Critique The Solution to a Plain-Jane Moon Image

Sawfish_Bay_21D_3844-3884 Composite.jpg
 
The Moon is a little out of shape. Hard to capture it in its correct shape since it's moving. So that could be cropped a bit.
Actually, I believe I captured the moon accurately - it was 92% full last night, so not completely round yet. As for the rest of your suggestions...
The bird is without any kind of shadow
The sun was low in the sky at camera left, so I definitely agree that the lighting does not look right for the moon backlighting the heron. How would you approach fixing this?
it does seem to have a bit of a Halo so working a little bit more on refining the edge of the bird
The bird also seems a little big. And you might consider not having it centered
These two I can definitely improve and will post the results below...
 

The bird size and position may need some experimentation to get a pleasing comp.

A very quick play with your image (hope you are ok with this) to illustrate one way you may deal with the bird.

Make a selection of the bird mainly the neck, head, and beak, and use a Curves adjustment to bring down the tones and also tame the contrast - how dark or light you want to go is up to you, mine is just an example.

For the moon, you may want to consider making a selection and burning the area (Black brush on a Soft Light layer) so that it is in shadow.

Hope this of some help to you
Moon_Bird.jpg
This articulates the “fake” look precisely. Thanks for taking the time to reply and even take a crack at fixing it.

Can you elaborate a bit on how to follow this suggestion?
For the moon, you may want to consider making a selection and burning the area (Black brush on a Soft Light layer) so that it is in shadow.
I’m looking forward to giving it another whirl this evening.
 

Can you elaborate a bit on how to follow this suggestion?

I’m looking forward to giving it another whirl this evening.
For the moon the quick and dirty way I.e. just give an impression of roundness - you need to get it a little rounder than I did😉.

Photoshop
1. You need to use the selection tools and pick the oval shape
1a. Optional. To make selection of the moon easier drag ruler guides from the top and both sides to just touch the moon limits.

2. Now click and drag around the moon while holding down shift to make a circular selection which covers the whole moon image. You should now have a dashed circle around the moon.

3. You now need to subtract from the circular selection to form a horizontal crescent shape. Once again repeat the above step to form the same shape but hold down the ALT key and drag down until you reach the edge of the moon image area then release. You should now have a dashed crescent showing at the bottom of the moon.

4. There are other choices but I just burned the area in until it looked about right?
Create a new layer and select Soft for layer type and with a black paint brush set at a low opacity paint within the dashed crescent until you reach an acceptable density. Once there get rid of the selection - CTRL +D.

5. Your new layer should give the impression of a rounder moon. But the outline will be too well defined. To soften it just apply a Gaussian blur until it looks OK and experiment with the opacity of this layer until satisfied.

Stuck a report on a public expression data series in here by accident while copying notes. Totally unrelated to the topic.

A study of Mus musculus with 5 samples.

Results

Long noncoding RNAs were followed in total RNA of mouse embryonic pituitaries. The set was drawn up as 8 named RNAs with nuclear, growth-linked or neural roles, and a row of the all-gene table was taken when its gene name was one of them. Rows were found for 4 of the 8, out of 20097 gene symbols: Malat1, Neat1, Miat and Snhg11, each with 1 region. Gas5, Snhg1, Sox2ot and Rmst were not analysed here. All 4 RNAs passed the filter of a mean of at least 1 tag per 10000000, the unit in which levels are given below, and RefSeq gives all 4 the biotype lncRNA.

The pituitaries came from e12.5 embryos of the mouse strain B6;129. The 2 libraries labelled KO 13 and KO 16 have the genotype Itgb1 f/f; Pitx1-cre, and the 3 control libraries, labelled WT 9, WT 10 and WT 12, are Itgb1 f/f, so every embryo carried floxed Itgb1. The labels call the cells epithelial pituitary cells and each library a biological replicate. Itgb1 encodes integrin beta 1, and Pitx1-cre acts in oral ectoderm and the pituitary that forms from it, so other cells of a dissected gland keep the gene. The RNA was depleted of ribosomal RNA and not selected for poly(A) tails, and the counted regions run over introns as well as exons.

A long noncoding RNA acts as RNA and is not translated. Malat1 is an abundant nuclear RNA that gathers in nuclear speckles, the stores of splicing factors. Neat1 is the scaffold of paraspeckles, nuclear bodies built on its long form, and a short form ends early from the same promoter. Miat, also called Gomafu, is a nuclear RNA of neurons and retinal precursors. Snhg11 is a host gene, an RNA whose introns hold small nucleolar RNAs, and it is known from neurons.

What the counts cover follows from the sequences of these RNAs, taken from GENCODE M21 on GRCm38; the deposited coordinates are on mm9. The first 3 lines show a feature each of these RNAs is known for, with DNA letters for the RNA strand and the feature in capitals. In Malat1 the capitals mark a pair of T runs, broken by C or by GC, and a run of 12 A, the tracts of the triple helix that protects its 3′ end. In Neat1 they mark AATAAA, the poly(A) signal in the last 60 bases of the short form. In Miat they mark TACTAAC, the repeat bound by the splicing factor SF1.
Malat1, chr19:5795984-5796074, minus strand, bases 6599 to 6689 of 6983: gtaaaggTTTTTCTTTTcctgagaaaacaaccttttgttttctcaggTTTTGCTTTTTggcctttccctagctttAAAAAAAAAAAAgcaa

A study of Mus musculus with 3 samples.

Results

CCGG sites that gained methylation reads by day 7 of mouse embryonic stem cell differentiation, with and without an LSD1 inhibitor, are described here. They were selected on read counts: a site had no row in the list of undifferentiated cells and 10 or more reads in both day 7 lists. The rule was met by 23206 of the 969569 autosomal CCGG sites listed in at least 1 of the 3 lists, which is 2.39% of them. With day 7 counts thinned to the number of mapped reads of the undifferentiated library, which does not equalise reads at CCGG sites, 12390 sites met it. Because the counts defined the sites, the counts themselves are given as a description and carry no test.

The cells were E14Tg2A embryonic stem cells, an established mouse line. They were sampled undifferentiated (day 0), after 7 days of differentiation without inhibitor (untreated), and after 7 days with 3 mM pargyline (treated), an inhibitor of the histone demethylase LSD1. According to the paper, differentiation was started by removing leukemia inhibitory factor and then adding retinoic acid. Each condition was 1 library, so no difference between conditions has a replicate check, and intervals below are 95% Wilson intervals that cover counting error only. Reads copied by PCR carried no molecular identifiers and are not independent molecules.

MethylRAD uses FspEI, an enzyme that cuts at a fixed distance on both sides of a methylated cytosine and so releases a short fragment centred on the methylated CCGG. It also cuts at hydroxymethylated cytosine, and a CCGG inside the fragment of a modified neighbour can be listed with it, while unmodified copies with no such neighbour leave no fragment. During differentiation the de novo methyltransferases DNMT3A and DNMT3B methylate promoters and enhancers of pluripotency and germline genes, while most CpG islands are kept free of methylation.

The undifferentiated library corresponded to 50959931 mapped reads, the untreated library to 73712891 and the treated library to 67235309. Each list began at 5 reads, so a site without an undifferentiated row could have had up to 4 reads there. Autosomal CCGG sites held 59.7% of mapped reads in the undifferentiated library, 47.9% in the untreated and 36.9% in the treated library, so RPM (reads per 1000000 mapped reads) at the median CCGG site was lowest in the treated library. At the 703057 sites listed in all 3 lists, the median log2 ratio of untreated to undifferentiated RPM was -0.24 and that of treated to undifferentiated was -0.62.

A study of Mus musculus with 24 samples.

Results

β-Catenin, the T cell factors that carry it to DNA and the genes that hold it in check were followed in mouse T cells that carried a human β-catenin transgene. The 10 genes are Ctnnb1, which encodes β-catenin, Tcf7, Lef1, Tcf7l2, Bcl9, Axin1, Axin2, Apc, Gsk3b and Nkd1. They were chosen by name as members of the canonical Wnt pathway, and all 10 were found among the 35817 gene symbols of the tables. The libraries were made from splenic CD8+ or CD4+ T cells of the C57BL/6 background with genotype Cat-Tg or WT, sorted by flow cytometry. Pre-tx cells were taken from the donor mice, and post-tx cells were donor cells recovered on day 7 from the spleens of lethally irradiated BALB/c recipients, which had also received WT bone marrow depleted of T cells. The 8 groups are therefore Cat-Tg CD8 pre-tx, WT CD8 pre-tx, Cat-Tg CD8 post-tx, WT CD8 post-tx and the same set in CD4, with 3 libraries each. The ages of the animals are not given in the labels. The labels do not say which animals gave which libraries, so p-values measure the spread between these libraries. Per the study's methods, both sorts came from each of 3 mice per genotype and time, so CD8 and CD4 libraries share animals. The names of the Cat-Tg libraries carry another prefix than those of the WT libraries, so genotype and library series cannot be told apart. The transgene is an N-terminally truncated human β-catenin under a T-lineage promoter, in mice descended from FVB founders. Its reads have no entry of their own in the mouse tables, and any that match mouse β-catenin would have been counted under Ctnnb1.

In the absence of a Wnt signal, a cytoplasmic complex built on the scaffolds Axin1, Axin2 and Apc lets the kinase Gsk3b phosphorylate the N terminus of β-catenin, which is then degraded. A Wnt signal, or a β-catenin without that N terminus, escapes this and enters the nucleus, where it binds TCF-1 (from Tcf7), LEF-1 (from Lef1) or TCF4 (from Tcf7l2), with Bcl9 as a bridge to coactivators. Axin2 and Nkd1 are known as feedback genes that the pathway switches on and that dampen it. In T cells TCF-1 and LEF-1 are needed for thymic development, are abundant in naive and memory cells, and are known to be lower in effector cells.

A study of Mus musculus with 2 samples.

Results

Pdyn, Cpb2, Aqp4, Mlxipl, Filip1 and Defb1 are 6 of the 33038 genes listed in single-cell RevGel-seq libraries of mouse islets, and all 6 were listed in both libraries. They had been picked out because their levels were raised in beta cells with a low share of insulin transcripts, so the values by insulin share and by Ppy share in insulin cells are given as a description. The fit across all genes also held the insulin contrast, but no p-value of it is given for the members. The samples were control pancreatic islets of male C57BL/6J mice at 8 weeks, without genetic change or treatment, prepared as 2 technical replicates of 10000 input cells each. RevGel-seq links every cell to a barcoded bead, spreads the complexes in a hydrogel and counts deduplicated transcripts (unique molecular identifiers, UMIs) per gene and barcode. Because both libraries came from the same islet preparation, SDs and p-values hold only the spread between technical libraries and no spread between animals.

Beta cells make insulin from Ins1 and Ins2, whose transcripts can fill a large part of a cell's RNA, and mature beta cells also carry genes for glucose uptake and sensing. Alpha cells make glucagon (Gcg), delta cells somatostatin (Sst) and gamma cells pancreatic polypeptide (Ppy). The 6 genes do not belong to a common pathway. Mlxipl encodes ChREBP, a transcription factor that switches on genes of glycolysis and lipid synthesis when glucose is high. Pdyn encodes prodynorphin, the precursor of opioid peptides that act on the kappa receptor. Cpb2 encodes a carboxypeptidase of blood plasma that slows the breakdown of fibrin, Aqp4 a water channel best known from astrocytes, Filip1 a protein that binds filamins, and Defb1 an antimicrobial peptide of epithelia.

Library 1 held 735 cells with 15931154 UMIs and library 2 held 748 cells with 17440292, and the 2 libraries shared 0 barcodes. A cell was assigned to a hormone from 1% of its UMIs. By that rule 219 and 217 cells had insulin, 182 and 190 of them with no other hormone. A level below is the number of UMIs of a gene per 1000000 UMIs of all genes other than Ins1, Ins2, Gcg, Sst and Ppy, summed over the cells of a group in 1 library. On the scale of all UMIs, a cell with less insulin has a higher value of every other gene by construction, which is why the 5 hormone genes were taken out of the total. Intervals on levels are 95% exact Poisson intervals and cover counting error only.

I do also think that the bird would be better being smaller and made as a silhouette and moved to the left. Think of Spielberg’s ET posters

Hope that helps - took a lot longer to write than actually perform 😄
 

9591D8B1-5A7B-4EE5-B58A-2C7C08B6B939.jpeg

OK. I was busy working on it and didn't see your reply until just now. Here is an improved (hopefully) version with a resized, repositioned and darker bird along with some additional edge refinement. Still haven't de-noised (sorry @Butlerkid - I know it needs to be done) and I haven't tackled the burning of the moon yet.
Sawfish_Bay_21D_3844-3884 Composite-2.jpg
SOOC is forum-speak for "straight out of camera," meaning I didn't manipulate the orientation in post. But I did do a little online research as well as a quick review of my moon images from Illinois. It seems that the moon's apparent orientation changes with the time of day and latitude (and possibly with the seasons, but I didn't get that far in my reading). Referencing key features such as the Tycho crater and the Sea of Tranquility, I can see that the orientation is somewhat different between my Illinois photos and this one from Florida. Good catch by you, and thanks for prompting me to learn something new!
 
Sawfish_Bay_21D_3844-3884 Composite-3.jpg
The general population really does not care what we do to get an image, they only care about the image.
With the bird in front of the moon you would need some backlight on the portion of the bird over the moon, and it would look different than the bird projected over the darker sky.
There also appears to be more detail in the moon than on the bird, which would not happen in real life.
But I may be overthinking this.
Nice idea for a shot
By the way, I would move the moon and bird off to the left and rebuild some blue sky, rather than the moon bullseye in the middle.
gary
 
Well that's a start!
With the bird in front of the moon you would need some backlight on the portion of the bird over the moon
I would move the moon and bird off to the left and rebuild some blue sky
Both great suggestions. Obviously I can handle the second one, but I could use some guidance on the first. Any suggestions on how to proceed?
 

I never researched it, but the light hitting the Moon is coming from the top which caught my attention. You can see the detail on the craters on the left and right side off the Moon as well which would say the same. When I first saw it I thought maybe it was taken in portrait vs landscape. My D5300 attached to my telescope was notorious for 10 photos being landscape then next ones in portrait. I never could figure out why.